Exchanging queens in the opening to avoid opponent's castling move

  • #1

    Recently, I've had this situation again and I was curious about it. AFAIK there's no name for this gameplay idea. In this match I played (see here for the rest http://www.chess.com/livechess/game?id=614969998)


    Whenever this happened to me that the queens were exchanged and I could no longer castle, that was usually the end for me, because intermediate players like me are not as strong without a queen and because it's kinda hard to bring the king into safety and to develop your pieces.

    But I'm curious if such a move is also strong against better players? Because to me it seems pointless to waste the queen so early on in the match, as this will make the gameplay later on so much more difficult, and while not a bad situation, it doesn't appear to me as that strong. What do you guys think?

  • #2

    White will likely have a bit of initiative in this sort of position, it's one of the reasons that black normally plays exd4 rather than trying to defend the pawn with d6. It's worse in other positions though e.g. http://www.chess.com/echess/game?id=76325174 even though my follow up play wasn't great.

  • #3

    Happened to me before, but I still managed to win.  I wouldn't say it makes gameplay more difficult but it does tend to dull things.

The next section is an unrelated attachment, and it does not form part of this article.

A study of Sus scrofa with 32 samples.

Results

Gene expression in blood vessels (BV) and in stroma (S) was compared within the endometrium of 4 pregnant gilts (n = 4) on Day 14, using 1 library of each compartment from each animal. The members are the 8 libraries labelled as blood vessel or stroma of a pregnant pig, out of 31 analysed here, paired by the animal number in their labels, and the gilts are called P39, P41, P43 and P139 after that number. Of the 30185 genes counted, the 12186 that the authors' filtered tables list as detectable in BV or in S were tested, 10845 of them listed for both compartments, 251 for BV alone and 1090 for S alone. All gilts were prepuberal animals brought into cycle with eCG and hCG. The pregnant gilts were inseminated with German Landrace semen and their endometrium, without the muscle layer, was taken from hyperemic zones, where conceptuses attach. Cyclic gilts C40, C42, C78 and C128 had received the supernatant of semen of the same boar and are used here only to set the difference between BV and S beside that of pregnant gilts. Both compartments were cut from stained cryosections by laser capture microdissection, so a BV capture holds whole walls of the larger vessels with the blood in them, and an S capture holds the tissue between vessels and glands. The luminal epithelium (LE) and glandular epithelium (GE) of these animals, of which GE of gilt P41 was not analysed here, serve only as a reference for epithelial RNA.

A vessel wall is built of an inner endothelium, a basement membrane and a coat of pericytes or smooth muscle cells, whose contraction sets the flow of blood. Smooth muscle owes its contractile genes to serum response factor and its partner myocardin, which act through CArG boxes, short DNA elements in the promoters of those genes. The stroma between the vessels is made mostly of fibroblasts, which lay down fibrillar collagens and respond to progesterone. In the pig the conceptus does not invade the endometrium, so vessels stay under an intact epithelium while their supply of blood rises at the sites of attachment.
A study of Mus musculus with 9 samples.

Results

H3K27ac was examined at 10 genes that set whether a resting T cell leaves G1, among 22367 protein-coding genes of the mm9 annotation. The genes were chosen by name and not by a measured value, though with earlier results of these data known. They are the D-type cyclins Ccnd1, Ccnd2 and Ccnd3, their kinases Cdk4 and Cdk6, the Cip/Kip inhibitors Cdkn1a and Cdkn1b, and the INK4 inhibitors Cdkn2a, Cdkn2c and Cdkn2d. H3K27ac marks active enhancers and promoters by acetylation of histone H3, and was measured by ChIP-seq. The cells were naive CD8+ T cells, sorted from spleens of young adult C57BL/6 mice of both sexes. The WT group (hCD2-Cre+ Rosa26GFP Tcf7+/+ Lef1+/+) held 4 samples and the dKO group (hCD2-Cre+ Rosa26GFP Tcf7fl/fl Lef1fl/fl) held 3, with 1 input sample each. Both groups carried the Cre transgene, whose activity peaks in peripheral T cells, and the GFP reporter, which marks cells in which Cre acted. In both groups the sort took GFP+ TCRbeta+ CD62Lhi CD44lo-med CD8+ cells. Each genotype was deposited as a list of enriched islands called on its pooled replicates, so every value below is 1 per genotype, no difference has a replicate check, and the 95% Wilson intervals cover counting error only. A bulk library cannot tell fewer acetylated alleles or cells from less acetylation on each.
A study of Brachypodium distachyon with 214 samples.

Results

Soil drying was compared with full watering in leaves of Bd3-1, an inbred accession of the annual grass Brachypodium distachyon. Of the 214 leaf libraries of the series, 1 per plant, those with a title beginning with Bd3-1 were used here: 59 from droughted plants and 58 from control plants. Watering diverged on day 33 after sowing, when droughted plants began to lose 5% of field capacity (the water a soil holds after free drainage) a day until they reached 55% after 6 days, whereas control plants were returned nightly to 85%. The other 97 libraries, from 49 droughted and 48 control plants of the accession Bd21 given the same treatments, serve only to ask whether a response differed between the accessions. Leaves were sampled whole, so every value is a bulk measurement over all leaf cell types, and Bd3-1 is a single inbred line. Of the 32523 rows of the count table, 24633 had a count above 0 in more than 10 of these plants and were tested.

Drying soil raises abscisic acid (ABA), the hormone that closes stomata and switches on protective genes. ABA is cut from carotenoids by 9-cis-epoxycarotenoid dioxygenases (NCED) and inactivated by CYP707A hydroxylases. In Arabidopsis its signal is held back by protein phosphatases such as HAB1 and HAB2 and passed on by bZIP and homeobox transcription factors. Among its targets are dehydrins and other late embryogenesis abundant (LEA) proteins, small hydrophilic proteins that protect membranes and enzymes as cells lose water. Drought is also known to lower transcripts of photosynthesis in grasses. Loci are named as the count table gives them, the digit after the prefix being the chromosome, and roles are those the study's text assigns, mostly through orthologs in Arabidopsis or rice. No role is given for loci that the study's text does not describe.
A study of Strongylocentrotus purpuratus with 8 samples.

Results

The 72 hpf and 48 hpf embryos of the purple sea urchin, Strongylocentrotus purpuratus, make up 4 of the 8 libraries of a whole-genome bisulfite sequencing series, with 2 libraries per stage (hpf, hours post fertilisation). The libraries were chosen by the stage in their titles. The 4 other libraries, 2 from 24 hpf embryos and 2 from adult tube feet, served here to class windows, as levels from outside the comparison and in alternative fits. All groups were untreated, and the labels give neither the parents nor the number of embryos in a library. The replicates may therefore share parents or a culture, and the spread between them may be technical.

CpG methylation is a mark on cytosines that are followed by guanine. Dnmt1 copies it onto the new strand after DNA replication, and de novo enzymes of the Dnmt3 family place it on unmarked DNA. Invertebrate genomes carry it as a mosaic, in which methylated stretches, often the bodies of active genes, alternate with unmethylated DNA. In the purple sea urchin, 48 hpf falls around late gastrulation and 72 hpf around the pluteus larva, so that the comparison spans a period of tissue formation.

Disregard the ratings they aren't real:



  • #4

    As Scott said, 3...d6 is a mistake. Literally no grandmaster would play such a move against another grandmaster. However, there's still plenty of play in this position.

    This line is avoided by strong players because they like to keep the pieces on the board and they like to be able to castle. 

    The position isn't the end of the world for Black. In fact, the better player will usually still win from this position. However, Black has definitely given up quite a bit in this position. I'd say white has a slight advantage, but if Black has a plan, black still can win this game.

  • #5

    If you really wanted to play this more often, I would suggest playing 4..Nxe5 5.Nxe5 dxe5 followed by c6, to get your king to safety on c7.

    Here's one example of how play may continue. (Quite a few games are drawn using this stratagem, but here Black wins.)



  • #6

    One thing to remember;

    Once the queens are off, castling is less critical. Don't get into a mindset that you somehow are in trouble because you cant castle.

  • #7
    rooperi wrote:

    One thing to remember;

    Once the queens are off, castling is less critical. Don't get into a mindset that you somehow are in trouble because you cant castle.

    Still, it makes it harder to get the rooks into the game. Plus the king is still going to waste moves at some point as well as the tempo wasted to protect f7.

    But no, obviously it's not as critical.